Newsday
December 28, 2001

Young NYPD Officer Had Grandest of Dreams

By Víctor Manuel Ramos STAFF WRITER

December 28, 2001

Just a couple of weeks before the World Trade Center attacks, an off-duty Mark Ellis was visiting another fellow police officer and his wife at their Commack home.

He held their days-old baby girl in his arms and, moved by the tenderness of her new life, decided to put his plans in fast forward.

Ellis   
Stephanie Porzio and Mark Ellis      

Ellis, 26, told his girlfriend of six years, Stephanie Porzio, that he wanted to marry her and have a family of his own. The next week, they would go shopping for rings.

They went to a jewelry store, but did not settle on anything because they wanted something that would properly symbolize what they felt for each other.

"He really just had a love for me, and I had a love for him that most people don't find," Porzio said.

That same Sunday, Ellis rode for the first time on the fishing boat he had purchased from his uncle. Other relatives were there, and Ellis was nervous about handling the 24-footer, but he drove it seamlessly on Long Island Sound.

With marriage plans under sail and his law enforcement career on track, Ellis felt he was about to create the life he wanted, surrounded by his friends and relatives.

But Ellis, a transit officer in downtown Manhattan's fourth district and a lifelong Huntington resident, was on Delancey Street two days later with partner Ramon Suarez, when they got frantic radio calls.

They commandeered a taxicab and arrived on time to help terrified people out of the World Trade Center buildings. Ellis' partner was caught in a news photograph sometime before the tower crashed, helping someone to an ambulance. Ellis sacrificed his life also, in the quiet and heroic way that relatives admired about him. His body was recovered before the Christmas Eve weekend, not too far from where his partner had fallen.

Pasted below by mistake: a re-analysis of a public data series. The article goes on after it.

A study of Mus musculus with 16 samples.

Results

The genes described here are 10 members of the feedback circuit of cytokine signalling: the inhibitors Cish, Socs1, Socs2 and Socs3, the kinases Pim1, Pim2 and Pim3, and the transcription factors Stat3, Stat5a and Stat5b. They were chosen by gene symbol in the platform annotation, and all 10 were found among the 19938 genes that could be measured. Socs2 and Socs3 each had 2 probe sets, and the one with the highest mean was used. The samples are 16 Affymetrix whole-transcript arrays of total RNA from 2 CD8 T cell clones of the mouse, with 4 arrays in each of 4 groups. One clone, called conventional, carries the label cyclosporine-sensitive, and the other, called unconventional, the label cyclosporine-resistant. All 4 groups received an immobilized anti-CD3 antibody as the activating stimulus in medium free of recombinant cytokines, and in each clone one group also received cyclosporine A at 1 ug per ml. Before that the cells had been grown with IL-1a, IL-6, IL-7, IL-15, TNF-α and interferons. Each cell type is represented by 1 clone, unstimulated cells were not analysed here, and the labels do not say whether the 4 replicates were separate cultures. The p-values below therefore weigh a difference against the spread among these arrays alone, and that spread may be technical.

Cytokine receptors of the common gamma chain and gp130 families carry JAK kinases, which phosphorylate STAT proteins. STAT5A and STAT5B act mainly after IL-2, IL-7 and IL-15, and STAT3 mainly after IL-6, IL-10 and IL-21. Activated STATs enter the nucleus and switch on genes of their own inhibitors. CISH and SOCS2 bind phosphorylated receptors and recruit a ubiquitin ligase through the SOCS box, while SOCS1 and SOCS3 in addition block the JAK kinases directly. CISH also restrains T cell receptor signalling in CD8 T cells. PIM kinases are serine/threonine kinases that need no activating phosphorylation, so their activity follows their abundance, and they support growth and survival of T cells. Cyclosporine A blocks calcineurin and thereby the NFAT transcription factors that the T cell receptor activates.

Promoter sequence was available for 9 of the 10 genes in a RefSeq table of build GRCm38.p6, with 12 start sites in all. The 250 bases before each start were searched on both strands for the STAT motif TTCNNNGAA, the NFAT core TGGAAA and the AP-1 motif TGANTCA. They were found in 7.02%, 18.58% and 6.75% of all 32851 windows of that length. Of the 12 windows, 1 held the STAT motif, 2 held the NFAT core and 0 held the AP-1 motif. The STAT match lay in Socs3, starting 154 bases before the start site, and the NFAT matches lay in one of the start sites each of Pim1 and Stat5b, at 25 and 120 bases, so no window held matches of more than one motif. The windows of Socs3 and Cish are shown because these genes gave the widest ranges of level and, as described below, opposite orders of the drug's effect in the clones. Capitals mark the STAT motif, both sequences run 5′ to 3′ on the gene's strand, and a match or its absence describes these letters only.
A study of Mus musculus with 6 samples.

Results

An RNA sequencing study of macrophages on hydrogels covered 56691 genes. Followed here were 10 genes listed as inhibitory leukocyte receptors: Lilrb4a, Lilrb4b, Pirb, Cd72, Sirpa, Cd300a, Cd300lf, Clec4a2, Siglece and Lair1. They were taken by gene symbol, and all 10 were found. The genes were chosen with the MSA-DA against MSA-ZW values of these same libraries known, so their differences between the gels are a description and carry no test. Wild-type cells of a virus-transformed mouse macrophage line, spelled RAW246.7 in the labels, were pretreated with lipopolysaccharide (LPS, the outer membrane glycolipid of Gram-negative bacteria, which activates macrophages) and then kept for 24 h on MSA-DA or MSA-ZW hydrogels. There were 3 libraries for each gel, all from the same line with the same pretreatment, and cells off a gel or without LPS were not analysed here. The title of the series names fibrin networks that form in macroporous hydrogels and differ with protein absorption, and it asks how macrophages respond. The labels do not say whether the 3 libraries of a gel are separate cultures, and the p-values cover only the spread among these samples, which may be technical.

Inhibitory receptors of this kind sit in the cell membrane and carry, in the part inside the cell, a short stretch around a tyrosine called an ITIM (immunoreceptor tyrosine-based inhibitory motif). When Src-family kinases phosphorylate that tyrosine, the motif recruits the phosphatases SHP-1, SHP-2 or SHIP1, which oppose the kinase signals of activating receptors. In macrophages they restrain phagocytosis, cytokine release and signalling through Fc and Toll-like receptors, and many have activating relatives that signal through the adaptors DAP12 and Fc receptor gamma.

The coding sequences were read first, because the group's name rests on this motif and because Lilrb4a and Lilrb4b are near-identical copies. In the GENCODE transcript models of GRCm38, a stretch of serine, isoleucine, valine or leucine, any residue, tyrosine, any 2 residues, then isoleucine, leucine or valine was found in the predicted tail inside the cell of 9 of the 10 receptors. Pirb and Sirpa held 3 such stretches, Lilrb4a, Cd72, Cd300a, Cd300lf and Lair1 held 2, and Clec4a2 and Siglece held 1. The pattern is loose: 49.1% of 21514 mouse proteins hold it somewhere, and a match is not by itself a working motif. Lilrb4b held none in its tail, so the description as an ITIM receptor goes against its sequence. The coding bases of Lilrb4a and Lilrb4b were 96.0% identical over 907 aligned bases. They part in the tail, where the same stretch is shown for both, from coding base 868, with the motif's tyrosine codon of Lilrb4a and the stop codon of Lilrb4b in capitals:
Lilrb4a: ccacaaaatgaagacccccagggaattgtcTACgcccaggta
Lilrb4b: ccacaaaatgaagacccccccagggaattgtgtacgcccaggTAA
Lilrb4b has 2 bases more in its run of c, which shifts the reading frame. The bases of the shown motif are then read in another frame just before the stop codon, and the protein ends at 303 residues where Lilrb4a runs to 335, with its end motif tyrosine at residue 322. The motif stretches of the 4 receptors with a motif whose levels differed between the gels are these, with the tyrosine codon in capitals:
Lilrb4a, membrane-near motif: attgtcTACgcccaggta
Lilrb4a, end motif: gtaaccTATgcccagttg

"Mark was making his plans to climb the career ladder, sail the Seven Seas on the boat, and God called him. He answered God's call, and he answered that call while helping others," said his uncle, Kenneth Nilsen, 40, who was among those who eulogized Ellis.

Mayor Rudolph Giuliani attended the standing-room-only funeral Monday at the Dix Hills Evangelical Free Church, praising Ellis' courage. Ellis, who had received four medals for excellence, is the youngest New York City police officer to have been killed in the attacks.

Ellis' parents, Elaine and Joseph Ellis, and a sister, Tammy Gardella of Georgia, survive him.

In the weeks after he was missing, the call he had been waiting for came from the Secret Service, accepting him as a candidate to the elite force. Relatives saw that as a posthumous recognition to his dedication and valor.

A 1999 criminal justice graduate from SUNY Farmingdale, Ellis graduated from the police academy in 1998. Formerly an auto mechanic, he liked cars and the outdoors. But he was also a prankster at the station house, where he often walked around shaving with his electric razor before going on duty.

Once, to effect a funny revenge on other officers who had played a prank on him, Ellis bought glue and sealed the offenders' lockers shut. Another day, he conspired with his partner to stick fake bullet holes on the cars of other officers. By the same token, Ellis was willing to help whenever his colleagues, friends or relatives needed him.

"He was very fair and kind. and he was always there for me," said Eric Semler, his partner for more than three years. " ... He was a good cop, a very good cop."